Final Fantasy XV director Hajime Tabata recently talked about the possibility of his next project being an open-world game, and also talked about inspirations from The Legend of Zelda: Breath of the Wild in a recent interview with Gamespot.
Here are some highlights on the Final Fantasy XV director’s take on making an open-world game, The Legend of Zelda: Breath of the Wild, and working on the PC release:
Gamespot: Not including the MMO titles, this is easily one of the larger single-player oriented entries in the series. What would you say was the largest lesson you learned from making a game of this scale?
Hajime Tabata: The biggest takeaway we got from creating an open-world Final Fantasy game is that we understand why the big western developers that make these massive open world games require that much manpower. For FFXV, we made a lot of progress from a technological standpoint. We were able to push the boundaries, but we also streamlined our internal process to keep up with that pace. Looking back, there’s still a lot to look back on, what we were lacking experience in, and what we didn’t have the knowledge for. But there was still a lot that we were able to see and were aware of to make good progress on. When it comes time to work on our next project–taking everything we did–we’re gonna do it even bigger and better, when that time comes.
So are you and the development team on XV planning on pursuing this style of open-world game for your next project?
Hajime Tabata: It’s hard to say at this point if the entire game is gonna be based on an open world. But I would say that the overall experience that users get from playing in a massive area, that overall game experience is something that we’re gonna make sure is in the next project as well.
Well, another Japanese developer came out with a rather notable open-world game this year with Breath of the Wild, which many fans have enjoyed. Have you all gotten the chance to play it, and if so, did anything stick out for you?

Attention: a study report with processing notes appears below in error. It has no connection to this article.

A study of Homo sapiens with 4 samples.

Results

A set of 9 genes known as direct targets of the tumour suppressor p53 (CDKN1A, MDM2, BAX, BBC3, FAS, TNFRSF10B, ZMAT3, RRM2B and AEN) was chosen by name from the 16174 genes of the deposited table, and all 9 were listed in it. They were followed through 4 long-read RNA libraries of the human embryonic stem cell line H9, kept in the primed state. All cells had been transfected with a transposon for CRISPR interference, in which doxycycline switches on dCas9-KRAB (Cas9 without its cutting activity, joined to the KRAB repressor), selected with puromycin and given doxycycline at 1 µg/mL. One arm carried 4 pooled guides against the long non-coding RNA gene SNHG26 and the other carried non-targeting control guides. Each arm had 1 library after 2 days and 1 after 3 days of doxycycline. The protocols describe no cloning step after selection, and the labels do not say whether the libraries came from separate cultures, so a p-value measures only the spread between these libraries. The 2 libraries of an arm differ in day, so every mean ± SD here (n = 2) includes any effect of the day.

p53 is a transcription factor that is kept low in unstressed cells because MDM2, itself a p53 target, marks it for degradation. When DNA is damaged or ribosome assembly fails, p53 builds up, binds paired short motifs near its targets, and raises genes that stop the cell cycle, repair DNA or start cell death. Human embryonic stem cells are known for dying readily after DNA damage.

Hajime Tabata: So I personally haven’t been able to get my hands on a Switch yet because they’re really hard to find in Japan right now. [Laughs] It’s embarrassing to say. I do have the game; I bought the game already so that I could just pop it in when I do get a Switch. But I’ve heard a lot from the dev team and their reactions to having played it. But just from hearing the stories and the feedback, you know, we can tell that it’s a really complete game. It’s very polished, almost a perfect game in that regard. And our goals are probably to take that experience that players felt with Breath of the Wild, but with our own technology and our own knowhow. We have in our disposal to create a very, very high-quality game with a strong visual element to it, while creating a world that’s really immersive and really beautiful. That’s probably our goals in terms of what we want to be with our next project.
We actually got the chance to check out the PC version of XV, and it’s quite an improvement over the original in terms of visuals. We’re actually seeing more developers in Japan take on PC releases for their games to solid success. What’s impressed you with working on the PC release, and is this something you hope more developers in Japan will dive into?
Hajime Tabata: With the Windows Edition, the platform is already beyond what we did for the console version. Even our in-house engineering with the Luminous Engine has moved up a step in development. So we’re at the next level in terms of our environmental creations. That’s a little bit of a showcase of what we’re capable of, but it’s still something that we’re still continuously working on. We’ve incorporated a lot of improved technologies for physics simulations and made it more natural and realistic. So we’ve tried to kind of elevate our game in a sense.
Obviously, we couldn’t do a simultaneous release for console and PC for FFXV, as we were focused on getting the console version right first. So it’s hard to say if that’s gonna be a trend for more Japanese games in the future.
We saw with Nier: Automata, they released the Steam version pretty much alongside the console version. We saw that they had a massive reaction from their Steam user fanbase. So as a trend, moving forward, we think that means publishers and developers are gonna put focus on the PC and make sure that that’s part of their overall strategy. We’ve made some great strides with the PC release of FFXV. From technical standpoint, to run the Windows Edition at a native 4K and 60 frames per second requires a beefy system. We understand that, there’s certain things that PC gamers hold a lot of value for, like turning up all the graphics options to run the game how you want. But being able to experience this in 60 frames per second, it is really a genuinely rich experience.
Read the full interview here.
Final Fantasy XV is available on the PlayStation 4 and Xbox One. The Windows Edition releases in early 2018 for PC.